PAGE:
In 1811 Jayavarman VII was crowned, and he united Kambuja by winning the Chams. He forced the Chams to leave from Kambuja. He was over 50 years old at that time. Jayavarman VII was the fervent Buddhist ruler who replaced the cult of Shiva-Devaraja with that of Buddharaja, lord of the universe. Furthermore, the king attained many greatest areas including the Khorat Plateau, the Menan Valley and some part of Malaya. At that time Champa and northern Laos were annexed by him. Moreover the Burmese kingdom of Haripunjaya, Annam, and perhaps Java became tributaries.
During his reign, he was responsible for building many incredible temples and pond.
- Ta Phrom
- Preah Khan at Angkor
- Neak Pean
- Banteay Kdei
- Ta Som
- Ta Nei
- Srah Srang
- Angkor Thom
- the Terraces of the Elephant and of the Leper King
- the ponds of the Royal Palace and outside Angkor
- the Preah Khan at Kampong Svay
- the Banteay Chhmar.
Among those great temple styles, the Bayon style (1181-1219/20) is well known as the spread of huger religious buildings that were built mostly of laterite (an iron-rich clay easy to cut and becomes hard when exposed to the air), and those buildings were built hastily. In the lintels the motifs are either Buddist or the decoration consists of a garland divided into four parts or by spirals of foliage and fringes of vegetation.
The new style abandoned the hieratic frontally and aimed at greater movement and plastic qualities in space. The fact that Buddhism became the state religion led to an aesthetic ideal that was more human and intimate. The faces are now characterized by inner smiles and mystical expression. Furthermore, the tendency to deify ancestors and relatives and the identification of King Jayavarman VII with the bodhisattva Lokeshvara, led to the production of more realistic images that reflect the psychology of the figures portrayed. Jayavarman VII’s delusions of grandeur are also manifested in the sculpture, some examples of which are simply colossal. The rows of giants that guard the entrances and the enormous faces of the king-bodhisattva looking out from the towers of Baton are the most impressive examples of this tendency.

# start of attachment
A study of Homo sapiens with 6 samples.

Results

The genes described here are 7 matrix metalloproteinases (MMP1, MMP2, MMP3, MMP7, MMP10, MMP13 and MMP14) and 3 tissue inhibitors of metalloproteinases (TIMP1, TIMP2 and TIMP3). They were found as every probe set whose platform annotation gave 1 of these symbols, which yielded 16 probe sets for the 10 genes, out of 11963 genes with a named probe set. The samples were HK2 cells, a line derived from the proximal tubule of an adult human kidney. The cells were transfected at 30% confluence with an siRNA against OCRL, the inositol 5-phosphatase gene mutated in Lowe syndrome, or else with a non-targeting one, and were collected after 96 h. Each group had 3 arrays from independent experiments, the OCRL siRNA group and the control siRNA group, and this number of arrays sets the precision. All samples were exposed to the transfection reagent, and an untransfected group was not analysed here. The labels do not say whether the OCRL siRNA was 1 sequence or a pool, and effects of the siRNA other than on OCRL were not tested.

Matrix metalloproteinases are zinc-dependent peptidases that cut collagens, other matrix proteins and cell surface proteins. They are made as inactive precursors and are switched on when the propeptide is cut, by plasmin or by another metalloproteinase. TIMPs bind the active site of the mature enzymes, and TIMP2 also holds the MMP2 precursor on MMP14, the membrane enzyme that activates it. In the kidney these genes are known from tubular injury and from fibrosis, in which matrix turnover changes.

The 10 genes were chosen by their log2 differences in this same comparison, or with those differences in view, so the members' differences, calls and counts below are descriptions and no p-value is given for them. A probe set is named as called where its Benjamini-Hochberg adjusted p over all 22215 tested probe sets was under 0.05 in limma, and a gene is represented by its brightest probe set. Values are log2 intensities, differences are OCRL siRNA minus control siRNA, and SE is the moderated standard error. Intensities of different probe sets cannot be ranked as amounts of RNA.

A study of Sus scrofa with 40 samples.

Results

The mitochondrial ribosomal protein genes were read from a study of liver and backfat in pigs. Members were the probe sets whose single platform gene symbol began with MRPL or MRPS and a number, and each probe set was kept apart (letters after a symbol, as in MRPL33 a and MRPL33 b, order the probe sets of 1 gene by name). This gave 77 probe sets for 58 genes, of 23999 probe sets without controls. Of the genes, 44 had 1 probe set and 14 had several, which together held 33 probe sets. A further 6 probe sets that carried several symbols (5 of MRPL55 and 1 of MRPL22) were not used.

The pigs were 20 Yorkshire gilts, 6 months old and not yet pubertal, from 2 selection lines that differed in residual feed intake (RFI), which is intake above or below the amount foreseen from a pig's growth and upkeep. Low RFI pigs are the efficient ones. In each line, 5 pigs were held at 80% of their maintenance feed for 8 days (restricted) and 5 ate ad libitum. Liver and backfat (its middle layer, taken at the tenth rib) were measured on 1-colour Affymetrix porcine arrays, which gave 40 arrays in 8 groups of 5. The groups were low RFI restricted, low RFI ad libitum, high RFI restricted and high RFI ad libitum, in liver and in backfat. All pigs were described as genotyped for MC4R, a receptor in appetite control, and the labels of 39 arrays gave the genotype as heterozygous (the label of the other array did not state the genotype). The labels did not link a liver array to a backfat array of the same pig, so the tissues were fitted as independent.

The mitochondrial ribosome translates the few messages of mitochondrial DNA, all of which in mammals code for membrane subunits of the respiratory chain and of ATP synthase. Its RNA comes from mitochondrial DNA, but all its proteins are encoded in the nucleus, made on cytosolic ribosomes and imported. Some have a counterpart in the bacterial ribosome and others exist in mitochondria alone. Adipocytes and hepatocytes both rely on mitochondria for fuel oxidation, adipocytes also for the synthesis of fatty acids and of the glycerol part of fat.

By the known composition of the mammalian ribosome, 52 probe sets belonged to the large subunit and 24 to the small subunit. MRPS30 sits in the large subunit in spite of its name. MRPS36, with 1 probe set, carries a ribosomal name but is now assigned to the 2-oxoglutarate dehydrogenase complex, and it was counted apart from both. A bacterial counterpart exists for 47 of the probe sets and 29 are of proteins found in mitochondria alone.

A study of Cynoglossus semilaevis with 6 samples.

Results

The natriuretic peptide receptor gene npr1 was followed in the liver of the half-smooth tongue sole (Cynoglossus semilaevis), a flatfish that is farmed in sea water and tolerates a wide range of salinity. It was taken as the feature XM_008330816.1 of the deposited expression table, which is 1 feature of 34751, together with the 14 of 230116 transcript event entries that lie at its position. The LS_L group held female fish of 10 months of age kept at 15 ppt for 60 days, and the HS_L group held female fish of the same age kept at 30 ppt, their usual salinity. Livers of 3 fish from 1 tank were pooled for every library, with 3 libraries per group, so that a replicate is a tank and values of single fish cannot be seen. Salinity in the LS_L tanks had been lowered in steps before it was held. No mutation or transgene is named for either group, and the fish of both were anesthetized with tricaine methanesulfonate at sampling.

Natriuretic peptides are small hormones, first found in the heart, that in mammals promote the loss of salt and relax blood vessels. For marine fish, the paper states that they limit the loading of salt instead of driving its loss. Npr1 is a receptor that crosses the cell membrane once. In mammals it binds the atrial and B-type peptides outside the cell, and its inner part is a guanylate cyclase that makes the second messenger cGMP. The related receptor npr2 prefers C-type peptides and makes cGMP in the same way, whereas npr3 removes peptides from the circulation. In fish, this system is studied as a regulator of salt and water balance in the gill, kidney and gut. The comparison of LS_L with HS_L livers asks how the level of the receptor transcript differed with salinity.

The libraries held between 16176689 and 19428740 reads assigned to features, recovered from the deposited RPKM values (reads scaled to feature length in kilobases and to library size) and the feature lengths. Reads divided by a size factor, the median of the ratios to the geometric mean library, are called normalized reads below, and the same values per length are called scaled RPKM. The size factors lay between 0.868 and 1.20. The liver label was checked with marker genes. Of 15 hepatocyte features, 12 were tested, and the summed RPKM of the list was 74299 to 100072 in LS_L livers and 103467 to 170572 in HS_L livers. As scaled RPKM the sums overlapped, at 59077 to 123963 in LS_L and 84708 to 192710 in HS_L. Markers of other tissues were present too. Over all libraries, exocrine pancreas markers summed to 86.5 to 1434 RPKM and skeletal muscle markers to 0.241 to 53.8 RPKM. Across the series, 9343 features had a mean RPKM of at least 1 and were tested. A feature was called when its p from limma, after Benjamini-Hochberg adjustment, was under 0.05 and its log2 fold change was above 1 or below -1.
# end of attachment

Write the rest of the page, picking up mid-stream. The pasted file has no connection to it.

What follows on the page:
In 1219 or 1220 which was 2 years after the supposed death of Jayavarman VII, the Khmers evacuated Champa. At that time there were many frequently acts of secession in the outlying areas of the empire, and the Thai menace was looming along the frontiers. On the other hand, the Brahmans incited a Shivaite reaction against the spread of Buddhism, but the Theravada eventually prevailed. The Theravada is known as Hinayana or ‘Little Vehicle (of Salvation)’ which is essential and more ancient form of Buddhism.
Indravarman II (1218-1243) built the Prasat Sour Prat and Jayavarman VIII (1243-1295) was responsible for the Mangalartha. Under Shrindravarman (1295-1307), the Chinese emperor Timur Khan sent an emissary to Kambuja in 1296. His name was Zhou Daguan. The last kings were Shrindrajayavarman (1307-1327) and Jayavarman Prameshvara (1327-?). In the meantime the first large Thai state, Sukhothai, had occupied much of the western and northern territories of the Khmer empire. In 1430 a Thai king, Paramaraja II of Ayuthya, swept into the Angkor plain and began a siege of the capital, conquering it in seven months. From that moment on abandon and decadence set in.
When the Khmer empire came to an end, the sculptors resumed working in wood and the growing power of the Thai kingdoms influenced the artistic production of the following centuries. This period produced the ‘decorated Budhha,’ that is, covered with jewels. This image was conceived sometime between the 9th and 10th century in the Indian monastery of Nalanda and then spread more in Indochina than in India. This curious use of jewels (Buddha had made a vow of poverty) is to be explained by the desire to emphasize the pre-eminence of the Enlightened One who, having attained spiritual supremacy, was associated with the cakravartin, the universal sovereign, one of whose prerogatives is to wear jewels.